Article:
While I intended to dine on some Chinese food during our recent trip to New Zealand and Australia, I knew that being part of a tour group would severely hamper my ability to do any real exploration for Chinese food since free time was limited and I would be restricted by the location of the tour hotel. Indeed, I assumed my best, and perhaps only opportunity would be on a free day in Sydney, where our hotel was going to be within walking distance of Chinatown. Never did I expect to register successful Chinese meals in three of the five nights we spent in New Zealand.
The first meal literally dropped into our lap as it was our tour group welcome dinner at Eight Restaurant in the Langham Hotel in Auckland. Now, Eight could be the name of a Chinese restaurant, since eight is a lucky number to Chinese, with numerous 88 and 888 Restaurants in existence. However it was unlikely that the only restaurant in Langham’s Auckland location would be Chinese. Furthermore, they explained that “eight” refers to eight different styles of preparation the restaurant used. The tour guide said it was all you can eat, but not a buffet because your food was cooked to order. But as it turns out the tour guide was wrong, because it really was a buffet, and the cook to order component was really just the teppan grill we see at many Chinese buffets in California. And while it was technically not a Chinese buffet since that term wasn’t used and there were Chinese and non-Chinese food items, it was technically a Chinese buffet because it was full of items that Chinese people like, and restaurants with a similar food lineup do call themselves Chinese buffets. It was no surprise therefore that at least three-quarters of the customers were Asian. Most obviously was the dim sum station, with one of my favorites, the now seldom seen beef siu mai. There was the meat grill with prime beef and pork cuts in addition to alpaca, kangaroo, ostrich and venison choices. There was a separate seafood grill with six kinds of fish, as well as clams, shrimp and other kinds of seafood. There was an Indian station too, with goat masala, as well as lamb, chicken, and vegetarian choices. Other stations served raw oysters, mussels, and a decent dessert spread. But while it was fun eating there, at about $75 US per person it really wasn’t worthwhile, because the flavor of the food was not at all outstanding. But that sure didn’t stop all those Chinese diners.
The next meal in the tourist town of Rotaruo was even more improbable. At least Auckland has a large Chinese population and indeed we drove through their budding Chinatown on the way from the airport into town. But Rotaruo did not have the same concentration of Chinese residents, and what Asian influence there was in that city appeared to be heavily Korean. Having walked through most of the downtown area early in the day, we were actually headed to Carl’s Jr. for dinner as that seemed to be the most likely venue near the hotel. But on the way over there we passed a place called Hong Kong City Takeaway, so I stopped in poked my head in thinking I could supplement my Carl’s meal with something from here. My attention was drawn to a picture of crab with black bean sauce, which indicated this wasn’t a typical tourist Chinese spot. Then I looked up on the wall and saw a blackboard with several dozen items written in Chinese without translation. As it turned out, we had stumbled into an authentic Chinese restaurant. We were lucky that it was very early and the restaurant was empty, as that enabled us to talk to the guy behind the counter and get an idea of exactly what he served. When we asked him about what kind of vegetables he had, he went back in the kitchen and brought out gai lan and on choy to show us. When we asked about what kind of fish he used, he reached under the counter, grabbed a supermarket ad, and pointed to the basa ad. We ended up staying and had the curry fish, tofu chicken, and Chinese broccoli with beef. All three dishes were quite good, and as we ate our meal we saw numerous Chinese patrons coming in for takeway. Interestingly a couple of doors up the street was a place called Chopsticks Restaurant, which we had actually spotted at a distance at lunch time, which had extensive Chinese writing on a signboard outside of the restaurant. But passing this restaurant after finishing our meal, we saw that Chopsticks was totally empty, so Hong Kong City was clearly the real find;.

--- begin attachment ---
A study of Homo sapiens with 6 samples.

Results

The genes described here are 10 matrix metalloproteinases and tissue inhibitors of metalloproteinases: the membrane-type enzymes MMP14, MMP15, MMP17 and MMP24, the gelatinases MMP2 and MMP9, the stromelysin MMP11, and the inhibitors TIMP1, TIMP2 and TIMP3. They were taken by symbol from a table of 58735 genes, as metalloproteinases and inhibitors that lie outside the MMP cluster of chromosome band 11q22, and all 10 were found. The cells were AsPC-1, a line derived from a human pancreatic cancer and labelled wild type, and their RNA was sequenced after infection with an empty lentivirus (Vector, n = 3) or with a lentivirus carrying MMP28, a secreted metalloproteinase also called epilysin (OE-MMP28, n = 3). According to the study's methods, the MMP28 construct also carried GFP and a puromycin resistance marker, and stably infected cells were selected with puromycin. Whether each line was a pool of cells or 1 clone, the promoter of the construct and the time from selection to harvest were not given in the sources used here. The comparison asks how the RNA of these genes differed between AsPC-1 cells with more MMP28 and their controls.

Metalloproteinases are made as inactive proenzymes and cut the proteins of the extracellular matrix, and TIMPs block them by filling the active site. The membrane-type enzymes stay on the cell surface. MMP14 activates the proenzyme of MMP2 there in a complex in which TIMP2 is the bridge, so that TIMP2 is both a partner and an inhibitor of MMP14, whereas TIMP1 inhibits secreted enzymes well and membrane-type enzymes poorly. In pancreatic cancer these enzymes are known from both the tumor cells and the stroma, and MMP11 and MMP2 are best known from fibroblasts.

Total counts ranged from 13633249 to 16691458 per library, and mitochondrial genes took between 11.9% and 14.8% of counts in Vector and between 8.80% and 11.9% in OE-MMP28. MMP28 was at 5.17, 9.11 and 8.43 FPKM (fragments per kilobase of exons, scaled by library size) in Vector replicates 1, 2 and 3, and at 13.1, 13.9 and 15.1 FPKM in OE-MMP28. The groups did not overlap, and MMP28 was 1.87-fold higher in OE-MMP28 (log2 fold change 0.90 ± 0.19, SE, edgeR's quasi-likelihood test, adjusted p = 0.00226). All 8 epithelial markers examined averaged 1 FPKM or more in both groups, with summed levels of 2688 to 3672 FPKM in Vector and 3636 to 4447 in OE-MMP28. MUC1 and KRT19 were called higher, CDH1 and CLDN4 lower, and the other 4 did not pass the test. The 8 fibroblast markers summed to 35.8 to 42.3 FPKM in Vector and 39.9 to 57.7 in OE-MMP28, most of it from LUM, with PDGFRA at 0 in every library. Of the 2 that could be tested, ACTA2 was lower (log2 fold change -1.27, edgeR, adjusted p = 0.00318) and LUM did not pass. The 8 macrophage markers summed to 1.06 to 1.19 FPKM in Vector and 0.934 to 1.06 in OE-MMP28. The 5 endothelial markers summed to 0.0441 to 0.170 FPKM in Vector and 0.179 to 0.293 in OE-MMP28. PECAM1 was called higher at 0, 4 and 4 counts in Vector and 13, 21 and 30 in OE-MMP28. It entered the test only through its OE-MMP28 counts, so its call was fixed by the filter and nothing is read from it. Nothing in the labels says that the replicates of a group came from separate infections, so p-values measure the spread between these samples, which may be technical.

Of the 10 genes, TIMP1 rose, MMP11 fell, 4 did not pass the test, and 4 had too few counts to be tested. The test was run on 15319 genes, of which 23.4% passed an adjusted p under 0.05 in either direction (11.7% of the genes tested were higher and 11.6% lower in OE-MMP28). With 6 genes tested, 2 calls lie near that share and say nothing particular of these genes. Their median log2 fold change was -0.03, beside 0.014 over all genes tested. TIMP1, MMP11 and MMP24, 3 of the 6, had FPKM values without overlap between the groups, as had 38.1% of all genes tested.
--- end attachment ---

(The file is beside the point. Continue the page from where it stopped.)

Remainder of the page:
Our last New Zealand stop was the ski resort town of Queenstown, which personally reminded me of Vail, CO. I was walking down the street when I spotted the sign “Queenie’s Dumplings” which made me wonder whether there might be an authentic Chinese restaurant in this ski resort. A couple of the other Chinese restaurants in town, Madam Woo and Lakeside Palace seem to be westernized, but dumplings aren’t normally associated with westernized Chinese food. And indeed, Queenie carried a full line of dumplings, as well as noodle soup dishes. The mixed Asian and non-Asian kitchen staff did raise some questions, but the majority Chinese clientele was sufficient validation. The chicken and corn dumplings (which can hardly be found in Los Angeles) and the beef dumplings were both pretty good.
If anything this experience shows how Chinese are expanding their footprint in places like New Zealand just as they are back home in California. Which from a culinary perspective is just fine with me.